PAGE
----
The growing internationalization of Chinese equities and bonds means China is now “too big to ignore,” according to FTSE Russell managing director of Global Markets Research, Philip Lawlor.
FTSE Russell kicked off the first phase of its Chinese A-share inclusion on Monday, starting with its Emerging Index. The move sees 1,000 small, medium and large cap Chinese companies added to the index, representing initial net passive inflows of $10 billion of assets under management.
A second phase of inclusion is due in September with a third scheduled for March 2020. The total program is expected to add $260 billion to FTSE emerging market indexes, and Lawlor told CNBC’s “Squawk Box Europe” that China is “going to dominate emerging markets in the same way the U.S. dominates developed markets.”
China is too big to ignore and will dominate emerging markets, FTSE analyst says
U.S. Senator Marco Rubio recently followed President Donald Trump’s hardline trade war position on China, by writing to MSCI to request information on why it was increasing the weighting of Chinese company shares in its benchmarks.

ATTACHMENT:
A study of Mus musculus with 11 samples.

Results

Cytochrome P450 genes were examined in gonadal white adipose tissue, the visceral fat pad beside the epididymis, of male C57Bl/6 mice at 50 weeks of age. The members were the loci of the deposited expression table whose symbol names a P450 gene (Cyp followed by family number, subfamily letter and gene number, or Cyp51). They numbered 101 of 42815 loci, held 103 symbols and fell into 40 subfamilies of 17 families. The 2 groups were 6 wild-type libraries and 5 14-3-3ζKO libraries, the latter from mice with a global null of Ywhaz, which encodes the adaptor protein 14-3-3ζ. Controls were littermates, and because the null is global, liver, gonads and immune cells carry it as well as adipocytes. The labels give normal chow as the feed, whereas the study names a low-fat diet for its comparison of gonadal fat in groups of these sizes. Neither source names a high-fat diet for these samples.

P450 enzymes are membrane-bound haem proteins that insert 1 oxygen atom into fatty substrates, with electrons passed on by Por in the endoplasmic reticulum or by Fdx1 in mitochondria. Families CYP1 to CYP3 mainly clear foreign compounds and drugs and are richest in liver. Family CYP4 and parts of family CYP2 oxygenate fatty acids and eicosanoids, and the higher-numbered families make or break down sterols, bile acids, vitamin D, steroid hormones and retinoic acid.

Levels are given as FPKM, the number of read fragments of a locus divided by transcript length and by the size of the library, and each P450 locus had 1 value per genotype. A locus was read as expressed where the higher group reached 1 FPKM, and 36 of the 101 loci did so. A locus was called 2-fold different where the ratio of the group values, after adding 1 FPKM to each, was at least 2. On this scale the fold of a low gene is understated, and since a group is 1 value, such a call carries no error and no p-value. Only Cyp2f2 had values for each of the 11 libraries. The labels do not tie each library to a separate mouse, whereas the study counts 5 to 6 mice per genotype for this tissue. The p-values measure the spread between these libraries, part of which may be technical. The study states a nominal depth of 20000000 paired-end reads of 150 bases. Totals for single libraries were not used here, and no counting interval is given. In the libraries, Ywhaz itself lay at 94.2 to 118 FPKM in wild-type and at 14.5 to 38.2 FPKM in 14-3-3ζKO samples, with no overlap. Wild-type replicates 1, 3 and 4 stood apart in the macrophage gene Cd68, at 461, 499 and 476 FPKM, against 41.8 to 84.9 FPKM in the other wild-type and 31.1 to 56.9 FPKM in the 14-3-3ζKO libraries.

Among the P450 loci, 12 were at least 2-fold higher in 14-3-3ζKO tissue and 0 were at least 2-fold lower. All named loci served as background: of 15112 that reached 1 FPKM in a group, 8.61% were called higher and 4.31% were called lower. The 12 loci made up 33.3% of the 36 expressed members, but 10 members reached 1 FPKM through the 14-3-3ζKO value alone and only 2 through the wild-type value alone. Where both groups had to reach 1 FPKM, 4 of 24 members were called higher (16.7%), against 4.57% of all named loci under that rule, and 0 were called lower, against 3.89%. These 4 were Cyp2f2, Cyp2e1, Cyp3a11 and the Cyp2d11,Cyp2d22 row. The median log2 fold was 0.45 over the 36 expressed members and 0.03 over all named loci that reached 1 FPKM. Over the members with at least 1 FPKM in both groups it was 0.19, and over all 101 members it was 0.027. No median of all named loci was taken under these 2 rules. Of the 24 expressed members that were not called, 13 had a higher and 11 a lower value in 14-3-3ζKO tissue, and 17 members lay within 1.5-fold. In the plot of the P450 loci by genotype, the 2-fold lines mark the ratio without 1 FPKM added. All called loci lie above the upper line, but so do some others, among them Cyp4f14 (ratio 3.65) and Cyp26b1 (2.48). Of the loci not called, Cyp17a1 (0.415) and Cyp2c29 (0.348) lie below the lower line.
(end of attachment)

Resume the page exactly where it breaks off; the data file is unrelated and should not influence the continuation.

Lawlor told CNBC that while FTSE Russell “might get a letter” from Rubio, the index provider “can look people in the eye and say this is not being driven by any external political pressure,” on account of its “objective, very systematic and transparent” approach to assessing the quality of markets.
FTSE Russell also has China on a watch list for possible inclusion into its World Government Bond Index (WBGI). While this is no guarantee of future promotion to the index, Lawlor said such an event would be “very big” for global investors “in terms of the sheer scale and exposure” the bonds would have, in combination with the A-share inclusion.
“China is going from being something people could be watching, but not feeling they have got to get involved, to a market you’ve got to get involved in because if you don’t, it could be very costly,” he added.
The Shanghai composite index is up more than 20% for the year to date despite ongoing uncertainty over the trade war between China and the U.S.